We have a news update for you this morning: yesterday a fistfight at the Springfield Mall in Delaware County led to gunshots in the parking lot. While no one was hurt, shoppers and mall employees were shaken as the building was put on lockdown and evacuated. The mall is expected to reopen this morning. As for our regular programming, you won't want to miss this week's look ahead as it includes a weather forecast and an eye towards the midterm elections. And, don't forget, the Eagles hope to extend their win streak today as they take on the Panthers at 1 p.m.
A lot of prep and art direction goes into food photography. How do you make the food look as mouth-watering as possible?
Photographing food is just one part of our job at the Inquirer and Daily News, so I can't claim to be an expert food photographer. While photographing the dining guide, I spent a lot of time looking at other food photographers' work to see how they approached different photographs. Because I'm photographing dishes at the restaurant, I usually have time and space constraints. Plus, the food has to look close to how it is usually presented to customers. If I were photographing recipes for a cookbook or something like that, I would have the leeway to choose the surfaces, textures, colors, etc., to go along with the food. At most restaurants, the food is already presented in an aesthetically pleasing way. For certain dishes, I'll photograph it as it's presented and then photograph it sliced or cut open or something, so we have multiple options. Sometimes you want to get a really tight detail shot showing off a texture or ingredient. I usually let the geometry of the food guide how I compose the photo.
What were some challenges you faced in trying to capture each dish?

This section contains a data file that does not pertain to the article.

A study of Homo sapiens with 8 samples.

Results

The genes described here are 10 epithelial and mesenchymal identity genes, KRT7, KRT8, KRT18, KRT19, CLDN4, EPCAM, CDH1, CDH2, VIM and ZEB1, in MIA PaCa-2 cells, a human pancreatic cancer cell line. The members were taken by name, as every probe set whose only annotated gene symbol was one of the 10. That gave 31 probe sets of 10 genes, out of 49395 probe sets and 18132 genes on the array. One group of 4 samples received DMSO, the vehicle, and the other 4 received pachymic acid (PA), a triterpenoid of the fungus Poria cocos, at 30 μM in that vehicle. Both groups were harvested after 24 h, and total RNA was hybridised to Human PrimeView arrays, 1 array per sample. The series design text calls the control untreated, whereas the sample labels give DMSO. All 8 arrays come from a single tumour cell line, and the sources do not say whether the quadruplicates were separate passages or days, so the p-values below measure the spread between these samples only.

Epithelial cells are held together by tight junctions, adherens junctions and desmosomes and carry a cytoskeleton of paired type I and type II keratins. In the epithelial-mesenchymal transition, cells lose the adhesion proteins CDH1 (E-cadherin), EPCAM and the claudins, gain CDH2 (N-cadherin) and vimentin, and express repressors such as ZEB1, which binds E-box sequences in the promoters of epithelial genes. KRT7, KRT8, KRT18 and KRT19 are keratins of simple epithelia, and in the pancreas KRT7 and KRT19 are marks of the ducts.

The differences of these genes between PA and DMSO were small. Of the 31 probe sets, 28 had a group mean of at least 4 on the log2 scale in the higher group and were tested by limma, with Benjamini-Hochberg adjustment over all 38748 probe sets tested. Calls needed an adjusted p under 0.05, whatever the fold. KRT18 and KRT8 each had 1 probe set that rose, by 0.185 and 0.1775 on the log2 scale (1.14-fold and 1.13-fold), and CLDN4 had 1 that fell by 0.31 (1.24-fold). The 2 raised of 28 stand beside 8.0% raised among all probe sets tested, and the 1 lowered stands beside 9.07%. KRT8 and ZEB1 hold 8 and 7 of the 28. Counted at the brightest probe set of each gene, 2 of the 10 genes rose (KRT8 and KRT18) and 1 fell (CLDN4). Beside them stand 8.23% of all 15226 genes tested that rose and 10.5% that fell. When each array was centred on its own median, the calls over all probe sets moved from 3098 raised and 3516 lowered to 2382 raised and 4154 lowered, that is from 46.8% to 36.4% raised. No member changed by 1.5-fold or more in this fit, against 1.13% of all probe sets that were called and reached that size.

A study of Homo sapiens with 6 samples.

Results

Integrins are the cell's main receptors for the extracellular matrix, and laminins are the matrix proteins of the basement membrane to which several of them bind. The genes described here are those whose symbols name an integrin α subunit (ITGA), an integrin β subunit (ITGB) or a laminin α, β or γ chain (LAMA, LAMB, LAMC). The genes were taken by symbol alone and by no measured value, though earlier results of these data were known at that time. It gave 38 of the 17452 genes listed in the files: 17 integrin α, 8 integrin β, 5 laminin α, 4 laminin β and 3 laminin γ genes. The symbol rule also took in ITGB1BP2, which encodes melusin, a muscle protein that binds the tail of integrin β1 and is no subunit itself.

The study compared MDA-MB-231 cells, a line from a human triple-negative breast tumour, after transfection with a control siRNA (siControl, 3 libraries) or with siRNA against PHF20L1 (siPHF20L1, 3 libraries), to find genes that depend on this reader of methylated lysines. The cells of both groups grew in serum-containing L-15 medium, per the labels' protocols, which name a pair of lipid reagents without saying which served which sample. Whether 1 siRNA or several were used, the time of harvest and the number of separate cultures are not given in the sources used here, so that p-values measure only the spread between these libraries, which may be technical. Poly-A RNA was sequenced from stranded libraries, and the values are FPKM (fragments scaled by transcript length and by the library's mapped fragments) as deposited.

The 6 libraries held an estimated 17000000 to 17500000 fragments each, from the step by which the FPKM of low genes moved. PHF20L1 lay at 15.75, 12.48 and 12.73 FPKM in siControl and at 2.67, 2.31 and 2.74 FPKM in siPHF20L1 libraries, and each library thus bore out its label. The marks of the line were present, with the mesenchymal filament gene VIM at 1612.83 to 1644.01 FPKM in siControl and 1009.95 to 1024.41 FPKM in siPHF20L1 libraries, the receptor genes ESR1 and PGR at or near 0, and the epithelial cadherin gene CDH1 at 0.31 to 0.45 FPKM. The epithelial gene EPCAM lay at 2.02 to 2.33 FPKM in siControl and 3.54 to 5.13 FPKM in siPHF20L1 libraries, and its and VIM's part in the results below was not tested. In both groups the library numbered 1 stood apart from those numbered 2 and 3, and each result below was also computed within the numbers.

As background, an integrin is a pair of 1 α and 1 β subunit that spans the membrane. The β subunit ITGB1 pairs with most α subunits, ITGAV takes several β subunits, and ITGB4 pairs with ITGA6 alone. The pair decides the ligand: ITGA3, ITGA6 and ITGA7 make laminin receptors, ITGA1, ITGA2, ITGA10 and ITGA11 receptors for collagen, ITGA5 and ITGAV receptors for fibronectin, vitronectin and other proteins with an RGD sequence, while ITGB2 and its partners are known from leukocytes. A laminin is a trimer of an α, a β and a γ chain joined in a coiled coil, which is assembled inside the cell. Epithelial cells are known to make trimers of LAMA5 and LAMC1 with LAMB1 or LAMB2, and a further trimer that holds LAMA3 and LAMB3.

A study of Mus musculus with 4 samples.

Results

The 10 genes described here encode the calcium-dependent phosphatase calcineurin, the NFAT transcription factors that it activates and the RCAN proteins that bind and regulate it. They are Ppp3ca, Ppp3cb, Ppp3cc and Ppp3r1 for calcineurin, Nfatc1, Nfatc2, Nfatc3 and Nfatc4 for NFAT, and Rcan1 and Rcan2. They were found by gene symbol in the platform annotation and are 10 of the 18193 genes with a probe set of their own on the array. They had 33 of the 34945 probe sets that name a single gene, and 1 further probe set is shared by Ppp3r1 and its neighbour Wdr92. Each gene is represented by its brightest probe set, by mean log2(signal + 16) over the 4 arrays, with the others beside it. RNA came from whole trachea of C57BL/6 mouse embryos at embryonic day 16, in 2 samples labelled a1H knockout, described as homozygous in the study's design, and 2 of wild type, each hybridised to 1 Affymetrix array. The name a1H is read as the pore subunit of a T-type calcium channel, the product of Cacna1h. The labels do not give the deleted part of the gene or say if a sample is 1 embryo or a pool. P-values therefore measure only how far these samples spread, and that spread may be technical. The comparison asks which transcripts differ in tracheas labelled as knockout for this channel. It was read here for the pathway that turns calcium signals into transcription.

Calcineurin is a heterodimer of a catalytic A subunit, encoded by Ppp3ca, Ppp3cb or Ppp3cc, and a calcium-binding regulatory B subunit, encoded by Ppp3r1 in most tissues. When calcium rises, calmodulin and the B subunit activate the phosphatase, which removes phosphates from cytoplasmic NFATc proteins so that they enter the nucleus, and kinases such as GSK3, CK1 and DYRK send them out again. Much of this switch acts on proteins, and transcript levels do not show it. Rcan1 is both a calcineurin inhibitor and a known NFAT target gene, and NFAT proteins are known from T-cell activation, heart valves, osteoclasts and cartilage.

Unfortunately, I usually show up to super reflective tables (or plain white linen tablecloths) as well as super reflective plates and bowls. A lot of restaurants are dimly lit inside, so I usually bring some small flashes to light the food — but then I have to try to keep the lights from creating distracting reflections on all the shiny surfaces. I'd prefer to photograph against darker, matte surfaces — but again, I don't have the luxury of determining how the food is presented or what kind of tables the restaurant has.
What were some tips, tricks or skills you learned as you visited each restaurant?
If anything, you learn that if you want it to look good rather than just OK, you have to pay attention to the little details instead of brushing them aside. One shortcut I did occasionally use, which my colleague Michael Bryant told me, is that when you need to reflect a little light onto one side of a dish in a pinch, ask the kitchen for a sheet of aluminum foil. Most kitchens will have some.
For amateur photographers who'd like to explore the food photography space, do you have any tips to offer?
Light makes a lot of difference. For a lot of dishes, try placing the food next to a large window and then photograph it so the light is coming from the side or behind the food. When the light is coming from an angle, rather than straight on, it creates shadows, which accentuate the texture of the dish. Try to block out other light sources (like yellow overhead lights!) that might pollute the quality and color of the window light. If you're at home and able to style the food, think about the surface that the food will be photographed against. Find an appropriate bowl or plate that compliments the food but doesn't distract from it. Pair it with a fabric, like a towel or napkin. Maybe sprinkle some raw ingredients, like herbs, around it.
What's something most readers wouldn't know when it comes to taking photos of food?
There's no right way to do it. You can make food look good with many different approaches. Some food photographers use strong colors and harsh light. Some create these painterly still-life scenes. Some make the food look prim and polished, while others make it look casual and relaxed. The most important thing is the light.
It's most definitely fall. Have you decorated your space yet? Thanks for giving us some inspiration, @f.wska!
The answer: Happy hour seems to be a top choice for many after a long day of work, but reporter Grace Dickinson found several other ways you can meet others with similar interests without having to rely on booze.